Common Constructor Mistakes in C++


Scope

Don't Hassle Me, I'm Local shirt from What About Bob

A very common issue comes from forgetting about the concept of variable scope in C++. Any time we call a function (and a constructor is just a function, after all) we can declare local variables inside that function. For example:

int Foo::MyCoolFunction (double importantData)
{
	std::string nameOfCoolStuff = "me, probably";
	instanceData = importantData; // instance data, should use this->
	importantData += 1.37;
}

The code block above does a few things.

  • It declares a locally-scoped variable named importantData (this happens in the function declaration).
  • It declares another locally-scoped variable named nameOfCoolStuff.
  • It assigns the value passed in to the function to an instance variable called instanceData. After that, we make some change to importantData. Then the function ends. That final change did nothing since the variable is local and goes out of scope at the closing brace.

Note that setting instance data should be done by prefixing with this-> for clarity. It isn’t necessary (from the compiler’s perspective) to prepend this-> as long as no local variable has the same name. This confusion is so easy to avoid with just a few keystrokes. Get in the habit.

The same applies when the instance variable you wish to set is an object. The first line in this function declares a locally-scoped variable which gets deleted at the conclusion of the function…typically not what is desired in a constructor.

Myclass ()
{
    MyOtherClass reallyImportantStuff(7); // local scope
    this->instanceObject = MyOtherClass(12); // available outside constructor
}

If you put the variable type in front of the variable name, you are declaring a variable. That variable will have a local scope and is lost upon completion of the constructor function.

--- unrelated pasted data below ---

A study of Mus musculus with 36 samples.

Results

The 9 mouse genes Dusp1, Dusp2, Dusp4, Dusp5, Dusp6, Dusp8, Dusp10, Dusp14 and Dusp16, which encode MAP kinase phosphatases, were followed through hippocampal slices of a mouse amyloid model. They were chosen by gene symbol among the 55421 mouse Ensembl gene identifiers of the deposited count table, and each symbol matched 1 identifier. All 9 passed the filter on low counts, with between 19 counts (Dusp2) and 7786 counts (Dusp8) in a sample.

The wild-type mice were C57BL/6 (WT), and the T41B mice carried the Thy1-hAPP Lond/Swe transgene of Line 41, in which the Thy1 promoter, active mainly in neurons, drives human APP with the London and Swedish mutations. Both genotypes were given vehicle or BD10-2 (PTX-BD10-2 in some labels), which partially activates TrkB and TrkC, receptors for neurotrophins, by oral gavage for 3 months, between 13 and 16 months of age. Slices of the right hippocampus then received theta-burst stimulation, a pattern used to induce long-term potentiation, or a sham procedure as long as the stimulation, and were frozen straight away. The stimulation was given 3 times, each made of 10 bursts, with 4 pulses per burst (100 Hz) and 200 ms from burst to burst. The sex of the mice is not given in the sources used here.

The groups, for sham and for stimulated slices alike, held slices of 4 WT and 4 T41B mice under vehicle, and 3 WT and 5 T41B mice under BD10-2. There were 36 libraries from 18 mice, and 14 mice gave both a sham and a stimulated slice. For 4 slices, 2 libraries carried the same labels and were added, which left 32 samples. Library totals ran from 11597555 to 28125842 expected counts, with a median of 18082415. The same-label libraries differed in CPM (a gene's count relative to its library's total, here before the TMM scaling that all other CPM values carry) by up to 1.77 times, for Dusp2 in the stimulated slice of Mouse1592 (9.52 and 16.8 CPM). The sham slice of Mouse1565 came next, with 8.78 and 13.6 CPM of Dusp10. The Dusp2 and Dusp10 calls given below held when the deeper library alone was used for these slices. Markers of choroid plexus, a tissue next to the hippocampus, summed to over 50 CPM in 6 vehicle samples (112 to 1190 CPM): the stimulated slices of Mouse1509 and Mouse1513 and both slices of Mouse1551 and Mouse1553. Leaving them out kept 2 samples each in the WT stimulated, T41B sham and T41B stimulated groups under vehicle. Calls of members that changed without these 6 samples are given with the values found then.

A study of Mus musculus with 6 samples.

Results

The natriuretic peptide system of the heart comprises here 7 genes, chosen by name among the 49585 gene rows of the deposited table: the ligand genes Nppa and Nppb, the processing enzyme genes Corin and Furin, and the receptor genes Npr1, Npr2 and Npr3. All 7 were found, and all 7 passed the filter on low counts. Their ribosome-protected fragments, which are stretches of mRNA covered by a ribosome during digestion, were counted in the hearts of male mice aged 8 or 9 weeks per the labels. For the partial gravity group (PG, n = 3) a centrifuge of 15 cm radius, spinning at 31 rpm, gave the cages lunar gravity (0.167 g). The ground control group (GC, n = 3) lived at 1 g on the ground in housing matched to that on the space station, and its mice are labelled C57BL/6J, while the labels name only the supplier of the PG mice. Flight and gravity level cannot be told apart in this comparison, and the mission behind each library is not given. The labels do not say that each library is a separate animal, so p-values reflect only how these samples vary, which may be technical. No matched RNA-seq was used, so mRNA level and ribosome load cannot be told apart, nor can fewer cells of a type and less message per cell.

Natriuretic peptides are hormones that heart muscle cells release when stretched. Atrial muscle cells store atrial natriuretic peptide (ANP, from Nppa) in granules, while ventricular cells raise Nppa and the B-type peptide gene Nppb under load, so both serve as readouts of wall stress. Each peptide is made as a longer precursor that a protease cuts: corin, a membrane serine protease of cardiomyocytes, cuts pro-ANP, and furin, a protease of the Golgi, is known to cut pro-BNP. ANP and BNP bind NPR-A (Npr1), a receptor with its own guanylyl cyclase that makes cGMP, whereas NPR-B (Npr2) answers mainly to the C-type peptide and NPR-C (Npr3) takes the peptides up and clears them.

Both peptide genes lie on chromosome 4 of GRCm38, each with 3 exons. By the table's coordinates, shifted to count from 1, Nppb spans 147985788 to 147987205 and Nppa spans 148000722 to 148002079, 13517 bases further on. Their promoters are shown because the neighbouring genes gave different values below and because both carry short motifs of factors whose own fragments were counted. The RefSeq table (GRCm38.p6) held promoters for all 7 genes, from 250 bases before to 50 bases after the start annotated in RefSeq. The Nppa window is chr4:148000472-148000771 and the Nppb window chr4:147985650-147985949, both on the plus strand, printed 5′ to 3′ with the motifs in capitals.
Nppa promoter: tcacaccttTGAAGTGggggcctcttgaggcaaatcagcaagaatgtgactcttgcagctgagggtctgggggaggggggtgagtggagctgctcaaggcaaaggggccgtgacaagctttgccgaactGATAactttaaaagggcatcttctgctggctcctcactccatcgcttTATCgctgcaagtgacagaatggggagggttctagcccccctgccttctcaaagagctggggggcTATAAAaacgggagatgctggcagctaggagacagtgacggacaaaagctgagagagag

Initialization List

If one class contains another class, you might run into issues if no default constructor exists for the contained class instance. This is because of how C++ calls constructors. When a constructor is called, in initializes all instance variables before starting the execution of the constructor body. If a class contains another class, it will initialize the variable by using a default constructor. This is not an issue if a default constructor exists, but if one does not your code will not compile.

bar.cpp|9 col 3 error| constructor for ‘Bar’ must explicitly initialize the member ‘myFoo’ which does not have a default constructor

bar.cpp|6 col 7 error| note: member is declared here

foo.cpp|1 col 7 error| note: ‘Foo’ declared here

foo.cpp

class Foo
{
	private:
		int value;
	public:
		Foo (int value) { this->value = value; }
};

bar.cpp

#include "foo.cpp"

class Bar
{
	private:
		Foo myFoo;

	public:
		Bar ()
		{
			myFoo = Foo(12);
		}
};

So, what if you cannot make changes to the class to add a default constructor? Or perhaps you just don’t think a default constructor makes sense.

Well, if you know the data that you plan to pass to the inner constructor ahead of time, you can use an initialization in your function declaration. They are quite simple, for example the constructor in bar.cpp above could have been written like this instead:

Bar () : myFoo(12) { };

This initializes myFoo before the constructor body is executed. Note that in this trivial example, we no longer need to do anything in the constructor body, thus the function is now empty { }.

More than one initialization can be used, just separate them by a comma, e.g.

Bar () : myFoo(12), myInt(4), myString("hello world") { };

Questions?

I hope this helps clear some things up. If you have questions, ask Google or StackOverflow. If you are my student, come on by my office hours and we’ll get it figured out together.